If you've ever thought that cooking with local and seasonal foods in Minnesota is limiting, Beth Dooley's "The Northern Heartland Kitchen" may change your mind.

Dooley's book pairs an abundance of seasonal recipes using local foods with informative asides: a blurb about Lake Superior smoked fish accompanying the recipe for smoked trout/apple/fennel salad; a description of the restoration of chestnuts by Minnesota nut-tree farmers is next to instructions for fresh chestnut soup.

Soon, the book suggests, we'll see "kiwi, pawpaw, artichokes, frost-tolerant apples, farro, chickpeas, pecan-hickory nuts, hazelnuts, and nut oils coming in from around our region, not from around the world." Combine that with a growing selection of artisan cheeses, increased availability of meats such as goat and heritage pork, and reintroduction of various heirloom vegetables, and it all bodes well for cooks and lovers of local foods.

"There is so much wonderful food that comes from this area," she said. "My god, we're in the heartland."

Dooley shares her book and her thoughts about writing next Sunday at the LeDuc Historic Estate in Hastings, in the first of the "Authors' Sundays" series.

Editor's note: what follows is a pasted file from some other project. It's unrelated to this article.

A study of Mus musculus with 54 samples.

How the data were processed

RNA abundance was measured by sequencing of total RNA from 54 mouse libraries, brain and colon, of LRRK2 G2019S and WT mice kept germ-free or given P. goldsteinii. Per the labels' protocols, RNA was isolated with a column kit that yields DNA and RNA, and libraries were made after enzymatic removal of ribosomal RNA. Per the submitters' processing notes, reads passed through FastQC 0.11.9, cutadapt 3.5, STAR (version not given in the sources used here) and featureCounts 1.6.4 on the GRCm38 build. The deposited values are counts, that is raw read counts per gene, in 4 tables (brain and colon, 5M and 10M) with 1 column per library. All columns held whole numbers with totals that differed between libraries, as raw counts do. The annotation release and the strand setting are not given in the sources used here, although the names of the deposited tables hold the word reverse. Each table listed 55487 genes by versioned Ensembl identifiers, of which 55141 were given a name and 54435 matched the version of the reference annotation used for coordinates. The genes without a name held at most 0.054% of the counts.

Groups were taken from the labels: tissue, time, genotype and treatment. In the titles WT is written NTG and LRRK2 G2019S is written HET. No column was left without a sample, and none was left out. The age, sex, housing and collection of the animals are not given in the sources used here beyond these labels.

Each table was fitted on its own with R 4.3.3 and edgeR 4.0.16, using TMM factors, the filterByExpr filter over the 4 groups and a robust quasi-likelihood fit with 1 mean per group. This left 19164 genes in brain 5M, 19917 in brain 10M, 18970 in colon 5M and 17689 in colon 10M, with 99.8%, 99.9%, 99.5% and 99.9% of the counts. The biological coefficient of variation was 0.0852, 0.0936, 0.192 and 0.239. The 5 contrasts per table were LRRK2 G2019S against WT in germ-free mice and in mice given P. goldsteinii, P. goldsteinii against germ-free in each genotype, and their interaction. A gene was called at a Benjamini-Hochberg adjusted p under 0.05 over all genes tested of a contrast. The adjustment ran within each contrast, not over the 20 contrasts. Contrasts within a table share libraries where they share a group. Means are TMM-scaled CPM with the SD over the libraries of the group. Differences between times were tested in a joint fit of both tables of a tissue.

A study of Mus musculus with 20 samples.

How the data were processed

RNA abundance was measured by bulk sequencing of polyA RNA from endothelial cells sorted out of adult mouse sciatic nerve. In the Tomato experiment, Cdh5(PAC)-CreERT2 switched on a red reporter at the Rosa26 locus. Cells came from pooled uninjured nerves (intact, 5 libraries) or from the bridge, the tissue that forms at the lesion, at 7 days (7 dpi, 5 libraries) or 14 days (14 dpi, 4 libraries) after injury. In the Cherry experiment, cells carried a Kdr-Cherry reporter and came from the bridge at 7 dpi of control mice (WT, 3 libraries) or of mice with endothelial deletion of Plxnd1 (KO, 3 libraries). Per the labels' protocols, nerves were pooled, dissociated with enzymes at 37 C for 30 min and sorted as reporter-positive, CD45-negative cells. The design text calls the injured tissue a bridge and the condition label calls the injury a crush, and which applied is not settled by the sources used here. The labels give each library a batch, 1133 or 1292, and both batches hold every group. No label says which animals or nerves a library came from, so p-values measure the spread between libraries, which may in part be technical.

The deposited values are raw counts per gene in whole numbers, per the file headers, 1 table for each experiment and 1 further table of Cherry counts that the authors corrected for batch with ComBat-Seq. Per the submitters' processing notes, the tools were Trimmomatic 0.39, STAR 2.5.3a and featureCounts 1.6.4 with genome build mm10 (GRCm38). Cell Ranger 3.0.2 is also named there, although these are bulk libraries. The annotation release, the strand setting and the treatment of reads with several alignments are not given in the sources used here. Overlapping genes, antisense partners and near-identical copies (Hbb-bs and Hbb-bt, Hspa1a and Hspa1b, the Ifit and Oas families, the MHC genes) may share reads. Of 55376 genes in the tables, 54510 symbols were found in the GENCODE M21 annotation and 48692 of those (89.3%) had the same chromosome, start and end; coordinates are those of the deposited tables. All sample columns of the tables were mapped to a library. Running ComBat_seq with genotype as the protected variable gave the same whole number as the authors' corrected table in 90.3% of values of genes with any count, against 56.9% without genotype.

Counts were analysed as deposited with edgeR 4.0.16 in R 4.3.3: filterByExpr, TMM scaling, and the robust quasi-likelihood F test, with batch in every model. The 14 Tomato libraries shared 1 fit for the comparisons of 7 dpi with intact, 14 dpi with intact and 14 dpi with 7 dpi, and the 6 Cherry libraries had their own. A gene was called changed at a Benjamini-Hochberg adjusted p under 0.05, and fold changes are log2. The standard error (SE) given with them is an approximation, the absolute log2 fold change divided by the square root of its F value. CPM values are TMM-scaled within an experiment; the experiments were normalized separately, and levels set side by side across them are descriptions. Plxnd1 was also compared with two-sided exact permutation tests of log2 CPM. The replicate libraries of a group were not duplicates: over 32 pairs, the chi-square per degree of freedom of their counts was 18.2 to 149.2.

"The reason that we are doing the first one is that the LeDucs were very much into food," said Margaret Goderstad, senior educator at the estate. "We talk a lot about sustainability."

Dooley, who has covered the local food scene as a food writer for 20 years and who co-authored "Savoring the Seasons of the Northern Heartland" with Lucia Watson, was just appointed co-chairwoman of the Homegrown Minneapolis Food Council, an attempt to deal with food issues at the policy level.

The longtime locavore said she really learned how to cook seasonally when she joined a CSA (community-supported agriculture) group. "It's a much different paradigm. You come up with some really great options. I don't need to think I can cook everything at once. As Americans, we have really high expectations of what will be available to us all winter long."

"I'm not trying to be preachy and not trying to be restrictive," she said. "It's more about just being mindful of those kinds of choices."

Rounding out next Sunday's program, another food-related talk comes from Anne Gillespie Lewis and her discussion of her book "Ingebretsen's Saga: A Family, A Store, A Legacy of Food," which pairs traditional and new Nordic fusion recipes with a history of the Lake Street store, which celebrated its 90th birthday in 2011.

"Some the recipes may take people back to some of the things they might have had in their grandmother's kitchen," said Lewis, who has authored several books on immigrant history. The cookbook includes traditional recipes like "Sigurd's Skaarne Pepperkaker" as well as traditional ingredients used in contemporary ways, such as Julie Ingebretsen's Norwegian burritos, made with lefse and salmon. People often think about lefse during the holidays, Lewis said, but "don't think about it the rest of the year."

For the first event in the series, in honor of Food Share Month, guests are encouraged to bring nonperishable food items for the Hastings Family Service Food Shelf.

Liz Rolfsmeier is a Minneapolis freelance writer.